Edison seeks high school site in DuluthAfter deciding a month ago that it wasn’t the right time financially to seek out a site for a new high school, Duluth Edison Charter Schools has changed course, and it has retained the AtWater Group for help.
By: Jana Hollingsworth, Duluth News Tribune
After deciding a month ago that it wasn’t the right time financially to seek out a site for a new high school, Duluth Edison Charter Schools has changed course, and it has retained the AtWater Group for help.
Parents have long asked for an Edison high school for the 1,300 students who attend the K-5 Raleigh Academy and the K-8 North Star Academy. A task force formed in January explored the idea and initially said this summer too many financial sacrifices would have to be made to K-8 programs if Edison attempted to launch a high school at this time. After that announcement, Tami Siebert, president of the board of directors, said they were approached by the commercial real estate firm, the AtWater Group.
“They came along and said they felt our vision,” she said.
Not only that, said Paul Goossens, president of the board of directors for the Tischer Creek Duluth Building Co., which owns property on behalf of the charter schools, but officials are more confident that financial issues can be overcome without dipping into the K-8 budget.
A month ago, he said, the expectation was that high school operations and facilities would have to be developed at the same time.
“Since that time we’ve determined that we needed to move forward on the facilities and create the foundation and security of our facilities,” Goossens said. “(We’ve) come to greater confidence that during the development period of the school in the next couple of years, we would figure out how to overcome the operating deficit without tapping into the K-8 budget.”
How that will be done, Goossens said, isn’t all planned yet, but there are external sources to be tapped and time for things to fall into place. He said there was never any question of whether a high school would be created; it was just a matter of when.
A formal decision to move ahead with a high school still would require approval by Edison’s board of directors. Following that, depending on whether a school would be built or extensively refurbished, a Review and Comment with the state Education Department would need to be submitted.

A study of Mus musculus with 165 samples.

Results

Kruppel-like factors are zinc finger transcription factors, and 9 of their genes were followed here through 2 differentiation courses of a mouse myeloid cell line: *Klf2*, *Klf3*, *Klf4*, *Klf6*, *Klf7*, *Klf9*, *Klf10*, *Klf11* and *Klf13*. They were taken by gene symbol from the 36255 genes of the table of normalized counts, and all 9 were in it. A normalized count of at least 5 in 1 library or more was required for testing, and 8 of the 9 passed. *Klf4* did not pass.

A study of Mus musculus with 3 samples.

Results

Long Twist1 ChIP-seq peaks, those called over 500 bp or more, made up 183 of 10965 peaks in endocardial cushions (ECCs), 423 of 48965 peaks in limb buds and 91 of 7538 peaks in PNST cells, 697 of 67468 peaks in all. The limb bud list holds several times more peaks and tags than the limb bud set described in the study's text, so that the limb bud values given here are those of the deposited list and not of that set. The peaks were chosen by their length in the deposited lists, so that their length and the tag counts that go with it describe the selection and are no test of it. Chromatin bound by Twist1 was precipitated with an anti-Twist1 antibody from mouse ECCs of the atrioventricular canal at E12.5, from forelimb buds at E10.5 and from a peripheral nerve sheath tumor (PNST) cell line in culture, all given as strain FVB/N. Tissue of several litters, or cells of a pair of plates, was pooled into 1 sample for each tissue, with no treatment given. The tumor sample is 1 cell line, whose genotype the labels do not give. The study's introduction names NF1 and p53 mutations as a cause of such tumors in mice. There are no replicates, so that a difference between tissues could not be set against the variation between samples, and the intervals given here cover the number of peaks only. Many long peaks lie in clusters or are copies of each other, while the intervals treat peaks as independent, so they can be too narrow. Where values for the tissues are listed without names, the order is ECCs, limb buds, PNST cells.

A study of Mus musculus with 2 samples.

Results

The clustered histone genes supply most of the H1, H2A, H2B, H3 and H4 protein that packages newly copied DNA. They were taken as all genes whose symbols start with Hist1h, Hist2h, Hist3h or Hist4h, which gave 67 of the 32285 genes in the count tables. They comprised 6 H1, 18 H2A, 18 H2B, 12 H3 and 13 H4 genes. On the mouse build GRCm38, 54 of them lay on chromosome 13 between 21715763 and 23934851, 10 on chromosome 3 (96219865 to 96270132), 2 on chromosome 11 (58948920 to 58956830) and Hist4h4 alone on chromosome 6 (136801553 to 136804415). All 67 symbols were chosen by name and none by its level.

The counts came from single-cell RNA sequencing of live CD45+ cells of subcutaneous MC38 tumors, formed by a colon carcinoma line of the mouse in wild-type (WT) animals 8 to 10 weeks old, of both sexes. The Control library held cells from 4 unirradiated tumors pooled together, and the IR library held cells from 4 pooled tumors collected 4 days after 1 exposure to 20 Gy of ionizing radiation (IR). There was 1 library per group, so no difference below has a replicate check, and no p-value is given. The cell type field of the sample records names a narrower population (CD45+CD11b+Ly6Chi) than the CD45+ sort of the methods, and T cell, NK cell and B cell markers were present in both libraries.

Tischer Creek Duluth Building Co. is seeking the site with AtWater. State law prohibits charter schools from owning buildings, so the nonprofit company was created a few years ago to serve Edison’s interests.
AtWater is a good fit, said head of schools Bonnie Jorgenson, because of its expertise in real estate in the area.
“We know that finding a facility is one of our biggest challenges,” she said.
A site, whether in a repurposed building or built from scratch, would need to be between 60,000 and 70,000 square feet on 10 to 15 acres. AtWater President Brian Forcier said the Duluth school district’s Central High School is a possibility. He said the Corporate Office Tower that AtWater is developing on Superior Street is not being considered.
One obstacle to using the Central High School site is that Duluth School Board policy says “no property is to be released for the purpose or subsequent purpose of usage as a school other than ISD 709.” Most of the current Duluth School Board members have said they would not be in favor of changing the policy.
Goossens said Duluth school district officials have not been approached about a purchase of the Central site, which is on the market for more than $13 million.
Forcier said he expects to have viable sites chosen within the next six months.
An Edison high school would follow a programming style similar to the other schools, and would begin with freshmen only, building up to seniors one year at a time. Eventually, the plan would be to hold roughly 600 students. The majority of North Star’s eighth-graders now move on to public high schools, some to neighboring communities but most to Duluth Public Schools, Jorgenson said.
She said she anticipates some criticism for the decision to seek out a high school site.
“When you move forward with a vision, there always is,” she said. “We have had constant and continual demand from our parents for many years now to make this step.”
She cited a survey the schools had done that showed 90 percent of Edison parents wanted a high school setting.
“It’s important … to make this a reality,” she said.